English wRIting Consultant (ERIC)
Awkward technical phrases due to Japanese language quirks
By Karen Xu
April 4, 2017
The Japanese and English language each has its own style of writing. Because of this difference, sometimes the translation between the languages sound a bit awkward, though they may be grammatically correct.
Here are some examples of some awkward English phrases that are used based on the Japanese writing style.
Needs for X/ There is a need for X
Awkward: Needs for the periodic orbit around celestial bodies
Better: Requirements for a periodic orbit around celestial bodies
Why? Requirements sound more technical, and the phrase “need for” is not common.
It is desirable to X – want vs need Xが必要
Awkward: It is desirable to continuously carry out the observation of the target.
Better: It is necessary to continuously carry out the observation of the target.
Necessary = need = 必要
Desirable = want = 欲しい/望ましい
X based on Y
Awkward: This thesis is written based on many supports and advices.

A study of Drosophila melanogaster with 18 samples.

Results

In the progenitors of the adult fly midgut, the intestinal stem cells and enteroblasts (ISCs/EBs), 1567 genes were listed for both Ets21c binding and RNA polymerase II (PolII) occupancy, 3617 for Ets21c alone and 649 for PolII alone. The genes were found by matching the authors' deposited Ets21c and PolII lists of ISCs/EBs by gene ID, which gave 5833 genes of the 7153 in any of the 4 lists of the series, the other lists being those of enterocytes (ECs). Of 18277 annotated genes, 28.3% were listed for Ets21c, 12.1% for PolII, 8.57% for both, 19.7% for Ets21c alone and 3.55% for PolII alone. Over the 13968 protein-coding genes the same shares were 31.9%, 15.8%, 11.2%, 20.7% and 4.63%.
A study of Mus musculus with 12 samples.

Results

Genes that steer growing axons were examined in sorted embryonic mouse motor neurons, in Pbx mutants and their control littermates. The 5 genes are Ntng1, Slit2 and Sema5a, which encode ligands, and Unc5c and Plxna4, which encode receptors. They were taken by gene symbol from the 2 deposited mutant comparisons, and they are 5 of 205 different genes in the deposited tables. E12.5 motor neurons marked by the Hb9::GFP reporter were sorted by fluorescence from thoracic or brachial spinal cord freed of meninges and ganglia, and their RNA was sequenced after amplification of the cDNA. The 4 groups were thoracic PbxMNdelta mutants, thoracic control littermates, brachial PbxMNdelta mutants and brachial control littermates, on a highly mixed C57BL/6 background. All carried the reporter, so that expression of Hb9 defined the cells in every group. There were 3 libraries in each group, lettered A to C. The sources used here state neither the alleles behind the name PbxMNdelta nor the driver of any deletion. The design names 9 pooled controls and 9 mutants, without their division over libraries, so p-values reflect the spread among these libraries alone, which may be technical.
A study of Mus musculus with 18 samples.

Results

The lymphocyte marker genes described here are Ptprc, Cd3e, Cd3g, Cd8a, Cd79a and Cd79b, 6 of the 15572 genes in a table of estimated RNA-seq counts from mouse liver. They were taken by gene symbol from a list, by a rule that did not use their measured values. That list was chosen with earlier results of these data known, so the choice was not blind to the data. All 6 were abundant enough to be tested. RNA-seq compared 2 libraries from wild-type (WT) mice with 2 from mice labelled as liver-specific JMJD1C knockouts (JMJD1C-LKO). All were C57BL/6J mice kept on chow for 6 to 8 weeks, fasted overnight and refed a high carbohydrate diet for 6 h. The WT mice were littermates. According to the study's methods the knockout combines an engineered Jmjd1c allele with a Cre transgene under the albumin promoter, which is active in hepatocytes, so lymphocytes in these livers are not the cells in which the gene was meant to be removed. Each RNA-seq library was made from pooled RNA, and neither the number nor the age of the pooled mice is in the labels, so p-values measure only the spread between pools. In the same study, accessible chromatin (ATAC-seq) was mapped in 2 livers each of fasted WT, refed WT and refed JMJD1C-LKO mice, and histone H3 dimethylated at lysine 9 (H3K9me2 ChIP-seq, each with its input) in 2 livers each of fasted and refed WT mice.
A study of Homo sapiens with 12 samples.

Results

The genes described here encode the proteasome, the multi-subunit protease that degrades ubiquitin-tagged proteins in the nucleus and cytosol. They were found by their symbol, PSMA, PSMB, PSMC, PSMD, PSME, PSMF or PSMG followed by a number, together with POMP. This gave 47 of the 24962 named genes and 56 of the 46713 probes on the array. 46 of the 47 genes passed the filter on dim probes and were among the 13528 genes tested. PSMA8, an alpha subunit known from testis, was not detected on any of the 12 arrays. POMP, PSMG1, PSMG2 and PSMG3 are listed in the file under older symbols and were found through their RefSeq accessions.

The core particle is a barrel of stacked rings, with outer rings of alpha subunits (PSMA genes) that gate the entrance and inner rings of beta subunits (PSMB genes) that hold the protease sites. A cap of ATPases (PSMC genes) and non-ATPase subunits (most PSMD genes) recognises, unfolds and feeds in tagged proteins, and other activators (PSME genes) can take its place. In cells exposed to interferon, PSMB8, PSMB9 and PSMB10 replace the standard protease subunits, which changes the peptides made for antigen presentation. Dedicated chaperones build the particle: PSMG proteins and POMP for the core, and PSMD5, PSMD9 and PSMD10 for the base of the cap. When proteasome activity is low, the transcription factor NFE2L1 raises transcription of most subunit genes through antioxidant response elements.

Better: This thesis is written with the help of other’s support and advice.
Why? “Based on” implies that you used others’ ideas instead of coming up with your own idea. “With the help of” means you use other’s ideas for reference to help you with your idea.
X in terms of Y
Awkward: He was always ready for listening student’s concern, including mine, in terms of both scientific and private matters.
Better: He was always ready to listen to students’ concerns, including mine, for both scientific and private matters.
Why? “In terms of” implies conditions 条件. For example “In terms of meat, I like chicken” – this limits the category of what you like: 「肉の種類の中で、鶏肉が好き。」のように条件があります。
As to the X Xについて・Xに関して
Awkward: As to the result, it was a success.
Better: The result was a success.
Why? “As to the X” is the equivalent of Xについて・Xに関して, but this is not really used in the English language. Rather, it is better to just right directly about what your point is (the next part of the sentence, like how it was a success). There is a phrase “As for the result/method/experiment”, but because it is usually redundant, it is not used often.